Once upon a time there was a big party with n participants. People arrived to the party,spent some time there and went home. the bartender noticed that any two people had a drink together.
a)Show that there was a moment when everybody was present at the same time
b)What should we assume about endpoints of the time intervals for the statement to hold?
c)What if there were infinitely many people?

My approach:

Since everyone had a drink together then for every 2 participantsthere was a time when they were together, then we supose that for any n=k participants there was a time that they were together.
Now assume that there wasn't a time when k+1 participants were together
Now let's call them with $p_1,p_2,...,p_k,p_{k+1}$ and w.l.o.g. say
$T(p_1,p_2,...,p_k) < T(p_2,...,p_k,p_{k+1})<T(p_1,p_3,...,p_{k+1}) $ , where T is the time when they have been together so:
in order to happen second one $p_1$ should go home before and to happen third one after second one $p_1$ should be there but he went home so contradiction.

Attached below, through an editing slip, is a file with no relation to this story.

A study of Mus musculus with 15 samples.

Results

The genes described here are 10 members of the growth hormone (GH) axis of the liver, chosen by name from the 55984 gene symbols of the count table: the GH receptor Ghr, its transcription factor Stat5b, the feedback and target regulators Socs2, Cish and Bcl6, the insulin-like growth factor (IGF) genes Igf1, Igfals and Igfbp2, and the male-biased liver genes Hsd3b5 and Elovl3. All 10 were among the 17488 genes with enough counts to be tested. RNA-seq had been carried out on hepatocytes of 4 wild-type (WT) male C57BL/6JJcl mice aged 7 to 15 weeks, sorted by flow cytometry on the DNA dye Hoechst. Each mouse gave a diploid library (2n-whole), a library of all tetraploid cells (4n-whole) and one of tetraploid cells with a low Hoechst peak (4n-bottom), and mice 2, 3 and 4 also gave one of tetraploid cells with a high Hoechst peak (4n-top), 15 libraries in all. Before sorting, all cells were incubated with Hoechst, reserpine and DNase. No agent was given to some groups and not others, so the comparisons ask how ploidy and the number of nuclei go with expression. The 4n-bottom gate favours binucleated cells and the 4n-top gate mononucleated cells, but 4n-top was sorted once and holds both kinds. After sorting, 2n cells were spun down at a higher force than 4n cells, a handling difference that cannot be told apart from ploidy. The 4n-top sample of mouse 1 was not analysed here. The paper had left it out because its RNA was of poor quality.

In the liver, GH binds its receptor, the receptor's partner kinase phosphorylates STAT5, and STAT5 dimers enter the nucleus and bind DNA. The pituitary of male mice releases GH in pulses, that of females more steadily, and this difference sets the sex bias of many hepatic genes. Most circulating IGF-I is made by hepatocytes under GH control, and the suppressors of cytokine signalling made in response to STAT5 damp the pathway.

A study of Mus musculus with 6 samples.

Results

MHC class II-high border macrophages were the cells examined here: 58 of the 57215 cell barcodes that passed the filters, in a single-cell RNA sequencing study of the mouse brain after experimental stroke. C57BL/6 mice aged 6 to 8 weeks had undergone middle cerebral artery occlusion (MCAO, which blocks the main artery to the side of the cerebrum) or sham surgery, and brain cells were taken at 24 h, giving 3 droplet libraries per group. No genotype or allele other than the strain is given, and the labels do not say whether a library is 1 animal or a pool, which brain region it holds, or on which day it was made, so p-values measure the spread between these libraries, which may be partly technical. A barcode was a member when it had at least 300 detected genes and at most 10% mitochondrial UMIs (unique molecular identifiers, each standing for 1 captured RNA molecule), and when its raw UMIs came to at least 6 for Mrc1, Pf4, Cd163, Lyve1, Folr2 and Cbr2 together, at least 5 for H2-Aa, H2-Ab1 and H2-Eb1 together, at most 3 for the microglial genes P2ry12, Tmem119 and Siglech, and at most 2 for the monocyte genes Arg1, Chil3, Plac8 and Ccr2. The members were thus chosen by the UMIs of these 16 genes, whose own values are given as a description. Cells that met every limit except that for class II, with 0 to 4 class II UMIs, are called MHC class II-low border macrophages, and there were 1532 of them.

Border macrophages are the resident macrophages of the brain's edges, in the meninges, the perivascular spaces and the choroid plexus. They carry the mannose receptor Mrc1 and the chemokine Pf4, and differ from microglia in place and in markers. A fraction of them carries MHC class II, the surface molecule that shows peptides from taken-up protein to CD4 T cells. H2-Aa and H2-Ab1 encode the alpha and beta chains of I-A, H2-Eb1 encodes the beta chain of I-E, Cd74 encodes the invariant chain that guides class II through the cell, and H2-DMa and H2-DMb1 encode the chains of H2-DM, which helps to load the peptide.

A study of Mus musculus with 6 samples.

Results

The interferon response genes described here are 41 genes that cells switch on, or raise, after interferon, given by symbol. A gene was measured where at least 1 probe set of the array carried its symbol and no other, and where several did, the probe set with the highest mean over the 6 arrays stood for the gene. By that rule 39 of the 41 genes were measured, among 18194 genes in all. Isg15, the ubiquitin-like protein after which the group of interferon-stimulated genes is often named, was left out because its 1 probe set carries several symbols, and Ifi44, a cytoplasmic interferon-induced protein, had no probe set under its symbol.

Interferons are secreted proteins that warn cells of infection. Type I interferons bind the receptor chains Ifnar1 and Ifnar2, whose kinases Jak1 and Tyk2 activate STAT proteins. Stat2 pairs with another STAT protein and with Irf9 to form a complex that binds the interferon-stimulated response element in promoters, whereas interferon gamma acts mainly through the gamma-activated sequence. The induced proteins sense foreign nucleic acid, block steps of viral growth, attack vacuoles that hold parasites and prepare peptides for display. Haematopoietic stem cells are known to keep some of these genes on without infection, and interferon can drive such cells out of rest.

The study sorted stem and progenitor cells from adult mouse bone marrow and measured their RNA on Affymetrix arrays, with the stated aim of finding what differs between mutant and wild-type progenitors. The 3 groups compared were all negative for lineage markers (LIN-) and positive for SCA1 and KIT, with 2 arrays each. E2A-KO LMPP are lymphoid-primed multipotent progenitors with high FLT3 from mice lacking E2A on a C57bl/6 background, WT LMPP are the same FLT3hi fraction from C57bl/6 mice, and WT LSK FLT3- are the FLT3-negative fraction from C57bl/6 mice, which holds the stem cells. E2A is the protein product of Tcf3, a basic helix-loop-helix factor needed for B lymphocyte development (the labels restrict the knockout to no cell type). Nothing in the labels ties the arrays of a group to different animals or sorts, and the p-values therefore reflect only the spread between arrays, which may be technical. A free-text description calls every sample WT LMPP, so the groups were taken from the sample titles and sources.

I don't have any clue about b and c

  • $\begingroup$ For (c): Consider what happens if person $i$ is at the party for time $t$ precisely when $0<t\leq\frac{1}{i}$. So person 1 is at the party during the interval $(0,1]$, person 2 during the interval $(0,1/2]$, etc. $\endgroup$ – Danny Rorabaugh Oct 12 '16 at 17:31
  1. First person to come to the party has to wait for last person to have drink with him or her. So should every other person. So when the last person entered the party, n-1 people were there. Because if somebody left, they couldn't have had drink with last person. Here I assume that if someone left, they won't return to the party.

  2. The time of party starts when first person enters and ends when last person has had drink with every other person (assuming n-1 people had drink among themselves before the last person came to finish the party asap).

  3. The party will never end and the room needs to be really large to accomodate infinite people.